Cybercriminals who use Prynt Stealer to collect data from victims are duped by the malware developer, who also receives a copy of the information via Telegram.

The malware developer inserted a backdoor into the infostealer builder, which is present in every resulting copy and is being rented to cyber criminals. The prices range from $100 per month or $700 per year to $900 for a lifetime subscription.

Prynt Stealer is capable of stealing cryptocurrency wallet information, and sensitive information stored in web browsers. The data includes credentials, credit cards, VPN account data, and cloud gaming account information.

Cyble examined Prynt Stealer in April 2022 and discovered inactive code for a clipper and keylogger, both of which are unusual functions for an infostealer.

Prynt Stealer typically compresses and exfiltrates data to a channel controlled by the cybercriminal via a Telegram bot.

However, according to a report from cloud security firm Zscaler, the malware includes a hardcoded Telegram token and ID that is used to send stolen data to the author behind the operator’s back.

Built for scamming

The code for Prynt Stealer is based on the AsyncRAT remote access tool and the StormKitty infostealer. The developer made minor changes to some of the features while removing others.

Prynt Stealer is also very similar to the malware families WorldWind and DarkEye, implying that the same author created all.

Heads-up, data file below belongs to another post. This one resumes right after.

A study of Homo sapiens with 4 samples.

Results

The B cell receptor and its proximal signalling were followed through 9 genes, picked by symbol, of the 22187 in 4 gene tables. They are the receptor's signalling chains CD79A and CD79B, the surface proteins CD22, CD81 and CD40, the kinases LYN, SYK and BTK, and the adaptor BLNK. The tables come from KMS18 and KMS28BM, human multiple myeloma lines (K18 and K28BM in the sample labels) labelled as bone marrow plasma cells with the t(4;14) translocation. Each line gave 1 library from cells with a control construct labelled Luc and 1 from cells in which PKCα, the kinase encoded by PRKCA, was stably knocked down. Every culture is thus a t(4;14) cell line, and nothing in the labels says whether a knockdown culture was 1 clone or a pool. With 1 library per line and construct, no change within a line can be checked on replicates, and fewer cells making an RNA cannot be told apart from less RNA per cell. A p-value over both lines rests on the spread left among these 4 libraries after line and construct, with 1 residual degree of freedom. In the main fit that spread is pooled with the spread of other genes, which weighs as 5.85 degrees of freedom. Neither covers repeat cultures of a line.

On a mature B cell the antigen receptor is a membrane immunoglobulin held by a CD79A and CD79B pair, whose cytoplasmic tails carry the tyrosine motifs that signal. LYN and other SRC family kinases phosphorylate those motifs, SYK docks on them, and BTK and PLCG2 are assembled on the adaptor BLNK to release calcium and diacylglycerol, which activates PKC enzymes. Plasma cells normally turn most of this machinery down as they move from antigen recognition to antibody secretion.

The builder in Prynt Stealer assists inexperienced cybercriminals to configure the malware for deployment by setting all parameters and letting the automated tool do the work.

Analysts at Zscaler obtained a leaked copy of the builder and discovered that during execution. A loader retrieves ‘DarkEye Stealer’ from Discord and configures it to exfiltrate data to the author.

DarkEye is a variant of Prynt Stealer, they differ in clipper and keylogger functionality in the former is enabled and disabled in the latter.

Dev backdoors malware

Furthermore, the malware author instructs the builder to drop and execute LodaRAT, an old (2017). But potent trojan allows remote actors to take control of the infected system, steal data, and fetch additional payloads.

Because the backdoor in Prynt Stealer is revealed, the cybercriminals who use it are likely to look elsewhere. Because they do not currently promote on hacking forums, it seems Prynt Stealer author has two products in the works.